Population in parts of Chesapeake Bay fishery collapsed

(Photo courtesy C. Yamashita/Penn., Fish and Boat Commission) (Photo courtesy C. Yamashita/Penn., Fish and Boat Commission)

By: Cash Lambert,

Throughout the last decade, one of the most prized freshwater sport fish species, the smallmouth bass, has suffered fish kills and severe, perplexing illness in several Chesapeake Bay tributaries.

In the Susquehanna River, the hotbed for the kills, populations have plummeted with catch rates of adults falling 80 percent between 2001 and 2005. Several reports indicate that the fishery still hasn't recovered, as populations in sections of the river have collapsed.

"This perfect storm of conditions has required us to restrict fishing in Pennsylvania waters in hope that we can work together to get our world-class smallmouth fishery back to where it was before 2005," said John Arway, the Executive Director of the Pennsylvania Fish and Boat Commission. "Our fish are sick, our anglers are mad and my board and I, protectors of our fishery, are frustrated."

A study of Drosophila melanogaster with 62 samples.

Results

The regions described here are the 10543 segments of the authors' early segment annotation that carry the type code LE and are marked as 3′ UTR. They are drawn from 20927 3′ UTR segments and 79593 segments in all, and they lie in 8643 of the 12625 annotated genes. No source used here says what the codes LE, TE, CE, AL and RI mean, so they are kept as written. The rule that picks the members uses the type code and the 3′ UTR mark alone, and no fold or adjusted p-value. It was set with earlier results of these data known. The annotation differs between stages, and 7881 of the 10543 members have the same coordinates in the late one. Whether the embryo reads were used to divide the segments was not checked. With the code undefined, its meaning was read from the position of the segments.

Causes and symptoms of the sick river include "unprecedented" algae blooms, sores and lesions, bacteria, parasites, exotic viruses and "other invasive species, some of which have never been seen before in the river."

High levels of pollutants such as nitrogen and phosphorus allow the growth of such parasites and their hosts, and they also feed algal blooms that raise pH levels and lower oxygen concentrations.

The fishery, responsible for $630 million in sales annually throughout Pennsylvania, Maryland, Virginia and West Virginia, is taking a financial hit as well.

The Chesapeake Bay Foundation outlined its recovery efforts (link it here) in a report that includes protection, restoration, and maintaining the area. The organization, along with the Pennsylvania Fish and Boat Commission, continues to seek help from federal authorities.

"It now becomes our duty to collectively implement the report's recommendations since our bass, and our grandchildren who will fish for them, are depending on us to fix the problem," Arway said.